Nanaimo mayor seeks meeting with premier to boost foot ferry

NANAIMO – Mayor to ask Premier Christy Clark to endorse Island Ferries and prioritize its application for federal money.

Nanaimo’s mayor wants a non-compete agreement and assurances from B.C. Premier Christy Clark that a private passenger-only ferry won’t come under attack by B.C. Ferries.

Mayor Bill McKay plans to meet with the premier during the Union of B.C. Municipalities convention this month in Vancouver to discuss Island Ferries’ proposed foot-ferry service between Nanaimo and Vancouver.

The foot ferry company, which has been searching for final investment since October 2013, hopes to win $14 million from the federal government’s New Building Canada Fund and wants the province to prioritize its project application.

The money would be the impetus for the ferry, according to Dave Marshall, Island Ferries’ spokesman and director of marine operations, who said the federal government is intrigued by the application, but wants to see interest from the province.

McKay will call on Clark to endorse Island Ferries’ service and prioritize its application. He’ll also call for a non-compete agreement that neither the province nor B.C. Ferries will start up a foot ferry, as well as assurances Island Ferries will not be under attack by the company. When a company is getting provincial subsidies, those dollars should not be used to compete against private enterprise, McKay said.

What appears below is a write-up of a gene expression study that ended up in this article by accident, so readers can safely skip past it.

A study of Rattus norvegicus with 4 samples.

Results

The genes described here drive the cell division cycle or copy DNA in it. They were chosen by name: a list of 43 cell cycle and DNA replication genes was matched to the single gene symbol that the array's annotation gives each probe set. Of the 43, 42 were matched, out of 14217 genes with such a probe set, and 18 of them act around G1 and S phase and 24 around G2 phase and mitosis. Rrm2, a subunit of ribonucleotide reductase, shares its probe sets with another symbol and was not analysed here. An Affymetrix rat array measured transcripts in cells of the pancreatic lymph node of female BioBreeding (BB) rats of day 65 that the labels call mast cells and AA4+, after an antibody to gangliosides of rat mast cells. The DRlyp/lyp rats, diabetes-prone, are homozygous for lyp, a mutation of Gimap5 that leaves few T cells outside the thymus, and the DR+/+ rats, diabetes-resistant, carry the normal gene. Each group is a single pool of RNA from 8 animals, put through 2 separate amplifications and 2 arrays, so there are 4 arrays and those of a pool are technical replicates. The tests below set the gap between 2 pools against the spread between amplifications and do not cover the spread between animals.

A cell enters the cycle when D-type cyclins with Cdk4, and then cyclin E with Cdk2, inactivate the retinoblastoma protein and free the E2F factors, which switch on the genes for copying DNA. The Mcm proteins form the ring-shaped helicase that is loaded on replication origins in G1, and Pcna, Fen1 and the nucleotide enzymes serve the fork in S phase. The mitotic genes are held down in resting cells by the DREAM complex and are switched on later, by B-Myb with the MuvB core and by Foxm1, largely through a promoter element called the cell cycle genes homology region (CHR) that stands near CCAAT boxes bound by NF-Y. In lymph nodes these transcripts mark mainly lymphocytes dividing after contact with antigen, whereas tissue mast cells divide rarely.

“Imagine what it’d look like if you’re taking a heavily subsidized private, quasi-public organization like B.C. Ferries and you’re trying to compete with them with no subsidy and all of a sudden you find out that … they’re having a half-price passenger sale on and that’s the business you’re in,” he said.

Marshall said the company is hopeful the province will prioritize its application.

“If you are playing dominoes and you put all the dominoes on end, that’s the first domino that kicks over and all of them fall after that. It’s a big deal,” he said of the $14 million.

When asked why Island Ferries should get taxpayer money, Marshall pointed out “the other private ferry company that operates in this province” receives federal and provincial money.

It’s unknown when the meeting will be held with the premier. Todd Stone, B.C. Minister of Transportation and Infrastructure, was not made available to comment and his ministry did not respond to questions about the application or the mayor’s requests. The UBCM runs Sept. 21-25.